Guest Post: How To Help Your Plug-in Hybrid Warm This Winter

We shared with you a video yesterday showing just how capable plug-in cars like the Chevrolet Volt are in sub-zero temperatures, but today Transport Evolved guest and energy guru Brad Horton shares with us a simple and cheap way to help keep plug-in hybrids warm in the winter months. The technique he describes can be used on pretty much any plug-in hybrid, where cold winter temperatures affect the efficiency of the car’s gasoline engine, but similar use of lagging — on the heating pipes of a Nissan LEAF for example — can help you keep an all-electric EV operating at peak efficiency too… [Ed.]

Are the cold weather temperatures chilling your gas mileage? I may have a solution that can help! It is something so very simple, and it works with a hybrid or EV too! The two magic words in this equation are “grille blocking.” Many people have been blocking their grilles in order to squeeze a few more mpg, especially in the hybrid community.

You see, in cars like the Toyota Prius the engine comes on to aid with heating the passenger cabin.  In the Chevrolet Volt, the engine comes on as default in really cold conditions to help heat the cabin if you engage cabin preheating (although you can turn it off if you really want to from the car’s in-car touchscreen display).

Allowing the engine to heat up faster and to hold its heat longer, thus maximising efficiency, is a win-win. The technique also works on non plug-in cars too: gasoline cars will be able to stay at a higher temp and heat up faster which is also an advantage, although I wouldn’t block the grille completely on a car that is totally combustion based.

Grille blocking is generally safe at temperatures below fifty degrees Fahrenheit (10 degrees Celsius) but it’s worth noting that you should remove grille blocking if you see temperatures consistently hotter than this as you may run the risk of overheating the car. It is also a good idea to remove them, or be certain they are in the grille tight before entering an automatic car wash.

How do you block your grille? The easiest, most flexible, and aesthetic way to block your grille seems to be using foam pipe insulation, available from most hardware or DIY stores. Each model car is unique however, but this insulation is very flexible, and easily cut to fit the length of the grille. Most of the time this will be enough, but for some you may want to do vertical half-cuts to accommodate the supporting tabs that can be in a grille. I don’t normally use the adhesive, and instead use the tube separated out in order to block two “slots” if you will, and therefore reduce materials used. With the Toyota Prius I will squeeze the entire tube into the slot of the grille, as they seem larger than on my Chevy Volt. Every car is different and using just a little variation, I am sure you can make it work for your car. Cable ties are also great for ensuring the foam doesn’t come off when you don’t want it to.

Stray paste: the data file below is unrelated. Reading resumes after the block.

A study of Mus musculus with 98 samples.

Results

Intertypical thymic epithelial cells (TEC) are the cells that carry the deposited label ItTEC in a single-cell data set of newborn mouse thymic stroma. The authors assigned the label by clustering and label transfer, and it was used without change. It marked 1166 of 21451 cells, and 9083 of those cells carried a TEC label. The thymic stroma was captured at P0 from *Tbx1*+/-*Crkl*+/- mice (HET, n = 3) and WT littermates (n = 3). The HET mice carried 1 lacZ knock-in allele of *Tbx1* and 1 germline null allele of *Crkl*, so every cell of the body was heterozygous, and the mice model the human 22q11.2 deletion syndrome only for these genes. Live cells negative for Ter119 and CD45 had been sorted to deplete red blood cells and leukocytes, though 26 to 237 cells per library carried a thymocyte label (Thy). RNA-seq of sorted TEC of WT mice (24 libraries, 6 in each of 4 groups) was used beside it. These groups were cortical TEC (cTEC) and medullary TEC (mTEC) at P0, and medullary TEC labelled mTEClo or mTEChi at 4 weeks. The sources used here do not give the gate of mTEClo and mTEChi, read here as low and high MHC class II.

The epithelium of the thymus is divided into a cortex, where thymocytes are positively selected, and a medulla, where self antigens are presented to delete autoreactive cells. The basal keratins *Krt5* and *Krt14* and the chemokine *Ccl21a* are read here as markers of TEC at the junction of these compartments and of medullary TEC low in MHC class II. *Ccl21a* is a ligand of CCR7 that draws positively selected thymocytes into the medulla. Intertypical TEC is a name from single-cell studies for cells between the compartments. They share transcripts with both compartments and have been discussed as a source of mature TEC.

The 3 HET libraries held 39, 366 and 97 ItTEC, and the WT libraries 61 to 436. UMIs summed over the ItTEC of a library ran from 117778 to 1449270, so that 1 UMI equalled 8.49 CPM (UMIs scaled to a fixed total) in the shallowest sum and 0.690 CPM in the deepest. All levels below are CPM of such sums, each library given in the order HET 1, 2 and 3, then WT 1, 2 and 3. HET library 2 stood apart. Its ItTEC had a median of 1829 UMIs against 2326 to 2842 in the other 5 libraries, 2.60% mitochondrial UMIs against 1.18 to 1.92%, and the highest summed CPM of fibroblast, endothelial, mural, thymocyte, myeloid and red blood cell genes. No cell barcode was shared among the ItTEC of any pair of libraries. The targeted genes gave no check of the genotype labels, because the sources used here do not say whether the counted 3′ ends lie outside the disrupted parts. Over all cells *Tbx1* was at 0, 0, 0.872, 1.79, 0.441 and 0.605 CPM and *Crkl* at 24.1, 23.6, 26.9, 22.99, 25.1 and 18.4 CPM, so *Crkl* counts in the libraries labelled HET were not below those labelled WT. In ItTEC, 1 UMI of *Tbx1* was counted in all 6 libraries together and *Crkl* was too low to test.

In the photograph above I used brown pipe insulation, as I had some left over from a house project. I used to use black, which blends right in. Now I am kind of glad that I used brown, as it really stands out for you to see. I’ve already been out on my local Interstate with the grille this year, and the car performs fantastically with this cheap modification. It has of course also helped improve my gas mileage although like most Volt drivers, I do my best to stay in all-electric range.

Brad Horton and his Chevy Volt.

Brad Horton and his Chevy Volt.


–Chevy Volt fan, EV advocate and Eco Consultatnt,  Brad Horton is Illinois born and bread, and has always had an interest in cars and technology. As he puts it, “the two converged when hybrid vehicles came into the public eye and really started to make it big.” After owning a Toyota Prius, Brad upgraded to the Chevy Volt, and now enjoys plugging in wherever possible to save gas and maximise those electric miles!

‘Transport Evolved accepts no responsibility for modifications carried out on your car. All modifications are carried out at the owner’s risk.